Erika Brown of the U.S. curling team reacts during the team's loss to Canada.Lars Baron/Getty Images
Sochi was a bust for USA curling. Not as bad as Vancouver, where its teams finished dead last. But close.
The U.S. men finished ninth out of 10 teams here, beating only Germany and Denmark. And an all-star U.S. women’s team made up of world medalists and Olympic veterans finished last again, with a 1–8 record.
Never had the U.S. won so few games in an Olympic tournament. And, in contrast to theories about the shocking dearth of U.S. speedskating medals, no one can fault billowing stretch suits for this one.
“I felt we did everything we could,” said four-time Olympian Debbie McCormick. “I felt we were focused, prepared and ready."
“The fact is that the rest of the world got significantly better while we’ve just improved,” said Rick Patzke, the chief operating officer of USA Curling, who has been with the organization since 1996. “Now we have to fine-tune and identify what else we can do.”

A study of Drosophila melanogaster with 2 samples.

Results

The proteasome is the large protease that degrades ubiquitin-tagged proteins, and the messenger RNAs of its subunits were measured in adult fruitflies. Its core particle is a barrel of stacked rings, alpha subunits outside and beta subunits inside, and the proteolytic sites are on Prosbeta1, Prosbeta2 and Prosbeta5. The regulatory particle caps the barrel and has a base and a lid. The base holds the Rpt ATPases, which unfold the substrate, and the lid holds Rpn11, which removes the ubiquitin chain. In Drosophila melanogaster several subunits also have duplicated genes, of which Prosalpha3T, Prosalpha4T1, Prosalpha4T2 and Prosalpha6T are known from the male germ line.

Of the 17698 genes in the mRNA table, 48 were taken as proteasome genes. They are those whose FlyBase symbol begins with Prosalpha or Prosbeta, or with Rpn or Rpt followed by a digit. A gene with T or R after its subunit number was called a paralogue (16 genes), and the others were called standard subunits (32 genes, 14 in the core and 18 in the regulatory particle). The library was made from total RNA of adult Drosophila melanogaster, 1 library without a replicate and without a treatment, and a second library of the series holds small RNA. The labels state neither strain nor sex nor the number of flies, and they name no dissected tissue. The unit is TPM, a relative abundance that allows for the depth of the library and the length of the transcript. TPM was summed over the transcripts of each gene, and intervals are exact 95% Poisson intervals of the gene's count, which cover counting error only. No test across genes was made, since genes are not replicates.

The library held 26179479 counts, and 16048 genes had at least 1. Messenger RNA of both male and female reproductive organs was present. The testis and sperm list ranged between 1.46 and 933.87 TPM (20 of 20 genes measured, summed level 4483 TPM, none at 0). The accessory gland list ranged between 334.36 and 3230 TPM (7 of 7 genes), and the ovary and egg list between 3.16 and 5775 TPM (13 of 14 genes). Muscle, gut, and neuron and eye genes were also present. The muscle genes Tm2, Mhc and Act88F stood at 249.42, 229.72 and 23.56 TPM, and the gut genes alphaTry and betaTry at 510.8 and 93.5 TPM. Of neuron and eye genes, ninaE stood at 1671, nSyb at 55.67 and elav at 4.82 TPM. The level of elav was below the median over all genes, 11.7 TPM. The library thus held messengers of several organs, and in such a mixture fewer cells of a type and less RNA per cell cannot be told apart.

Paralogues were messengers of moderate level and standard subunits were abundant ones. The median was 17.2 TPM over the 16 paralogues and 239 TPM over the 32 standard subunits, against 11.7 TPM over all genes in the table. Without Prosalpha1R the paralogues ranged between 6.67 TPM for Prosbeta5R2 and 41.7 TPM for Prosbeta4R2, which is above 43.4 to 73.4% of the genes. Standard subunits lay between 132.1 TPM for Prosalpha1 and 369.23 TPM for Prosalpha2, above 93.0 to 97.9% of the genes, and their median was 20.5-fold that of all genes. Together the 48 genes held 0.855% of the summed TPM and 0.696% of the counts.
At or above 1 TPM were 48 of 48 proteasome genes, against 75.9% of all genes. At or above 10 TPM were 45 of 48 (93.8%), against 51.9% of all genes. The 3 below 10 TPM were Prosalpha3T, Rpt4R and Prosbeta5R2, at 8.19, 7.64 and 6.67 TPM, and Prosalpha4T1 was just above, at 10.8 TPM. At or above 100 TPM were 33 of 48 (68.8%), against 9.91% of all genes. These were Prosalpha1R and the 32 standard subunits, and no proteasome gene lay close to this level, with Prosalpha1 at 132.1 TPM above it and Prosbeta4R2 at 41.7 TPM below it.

After Vancouver in 2010, Patzke said the program did “an extensive internal and external review,” and revamped its high-performance program.
This year, USA Curling also imported 100 sets of stones from Scotland (at $8,000 a pop that can be paid off in five years) to distribute to clubs. (Curlers need one set of stones per lane of ice. The Ice Cube venue in Sochi, for example, had four lanes.)
And even though membership has grown 52 percent since 2002, at the Olympics the U.S. must be ready to compete against professionals who curl full time.
“Funding will always be an issue,” Patzke said. “We don’t have enough dollars for travel and training, much less cost-of-living expenses.”
Nonetheless, “we never gave up,” said McCormick, a 39-year-old curling supplies distributor. “We always had the fire and desire to win. We fought hard. We really did the best we could. But seven countries are going home without a medal.”
Historically, the U.S. women have placed as high as fourth (at the 2002 Salt Lake City games) and the men captured a bronze medal at the 2006 Turin games when they defeated Britain, 8–6, in a game for third place that was briefly halted by a professional streaker wearing a rubber chicken.
“The teams here made tremendous sacrifices,” Patzke said. “They’re the best in the U.S. We need to help them be the best in the world. That’s the challenge for us and them.”